The “high-definition” TV shows ABC.complans to debut in early July will be extremely compressed versions that -- while saving on bandwidth -- will not be comparable to the HDTV services cable or satellite providers currently offer.
The HD video on the broadcaster’s Web site would technically meet a basic definition of HDTV: It will be delivered at a screen size of 1280 by 720 pixels at 24 frames per second.
But the video will be encoded at bit rates far below the MPEG-based HD streams from cable operators, and compression has a bearing on the visual quality of the picture.
Skarpi Hedinsson, vice president of technology for the Disney-ABC Television Group, said his group has tested HD-resolution video compressed at between 850 kilobits per second and 2 megabits per second. “We’re not talking 5 megabits per second or something crazy like that,” he added.
Cable providers typically encode HD streams at roughly 12-19 mbps using the MPEG-2 format, but even the more-efficient MPEG-4 standard requires at least 5 mbps for HD video displayed on large-screen TV sets.
ABC.com uses a video codec from On2 Technologies, a small New York video-software developer, and Hedinsson said the latest versions of its codecs provide better quality at lower bit rates. “We have invested in a facility that has very sophisticated encoding,” he added. “Three or four months ago, I would have said we wouldn’t have been able to do this.”
The site already provides standard-definition video encoded at 1.5 mbps, Hedinsson said, so the step up to 2 mbps seemed feasible: “For us, the delta between HD and SD is not really that great.”
And because ABC.com’s videos are delivered as files, not as live, streaming bits, the service is not susceptible to fluctuations in a user’s bandwidth. Hedinsson noted that the site will include an automatic bandwidth indicator that shows when someone’s broadband connection is sufficient to deliver HD content.
Still, Hedinsson acknowledged that ABC’s online HD -- for now -- won’t measure up to what viewers are used to getting on their TVs. “Does it look as good as over-the-air or cable [HD]? Well, no, there’s more compression,” he said.
The more highly compressed a video signal is, especially with high-motion content like sports, the more likely it is to exhibit visual aberrations like pixelation or “macroblocking,” in which portions of the screen are spattered with multicolored tiles.
Another caveat: A user’s PC must have sufficient processing capability to be able to decompress the HD video.
“It’s not going to be bandwidth that is the problem -- it’s going to be the horsepower on the PC end,” Hedinsson said. “You do need quite a bit of CPU [central-processing-unit] power to render 24 frames per second. We are going to do our best to educate users on what their experience will be like.”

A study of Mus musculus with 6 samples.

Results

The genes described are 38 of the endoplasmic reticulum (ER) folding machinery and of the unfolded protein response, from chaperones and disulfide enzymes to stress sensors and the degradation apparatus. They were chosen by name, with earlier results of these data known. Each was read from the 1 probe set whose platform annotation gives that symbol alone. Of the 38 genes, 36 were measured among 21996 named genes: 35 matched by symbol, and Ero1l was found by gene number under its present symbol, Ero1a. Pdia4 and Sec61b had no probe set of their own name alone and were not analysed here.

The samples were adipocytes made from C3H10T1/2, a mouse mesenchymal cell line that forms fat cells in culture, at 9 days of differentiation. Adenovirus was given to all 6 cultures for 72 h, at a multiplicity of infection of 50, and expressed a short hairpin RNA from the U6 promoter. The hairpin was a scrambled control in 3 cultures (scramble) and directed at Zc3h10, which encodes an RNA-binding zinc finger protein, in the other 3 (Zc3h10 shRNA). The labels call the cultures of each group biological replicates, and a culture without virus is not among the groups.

ABC.com’s HD channel, such as it is, will first feature a limited amount of content from its most popular primetime series, including Lost, Desperate Housewives, Grey's Anatomy and Ugly Betty. When ABC launches its new season in September, the site will expand the HD lineup.
The debate over HD picture quality doesn’t belong only to videophile nerds: It’s central to a raging battle between DirecTV and the country’s two largest MSOs.
Earlier this year, at Time Warner Cable’s request, DirecTV was ordered by a federal judge to stop claiming in advertising that its HDTV quality was better than that of cable operators. The judge did allow the direct-broadcast satellite operator to continue claiming that it will soon have three times the HD capacity of cable; the case is pending.
Then DirecTV earlier this month fired off a lawsuit against Comcast, asserting that the MSO’s ads citing a survey in which Comcast’s HD picture was preferred to satellite’s were false.
While ABC’s online-HD claims may not provoke similar litigious responses, some observers detected mainly marketing hype.
“It might sound sexy per se to say, ‘We’ve got HD programs online,’” said Bruce Leichtman, president of Leichtman Research Group. “But certainly, the best way to watch HD is on a big-screen TV.”
To Hedinsson, though, the business goal of ABC.com’s HD launch is to keep ratcheting up the quality of video available over the Internet as broadband speeds rise. “We derive revenue from every single online viewer,” he said. “The question is: How do you keep the viewer engaged?”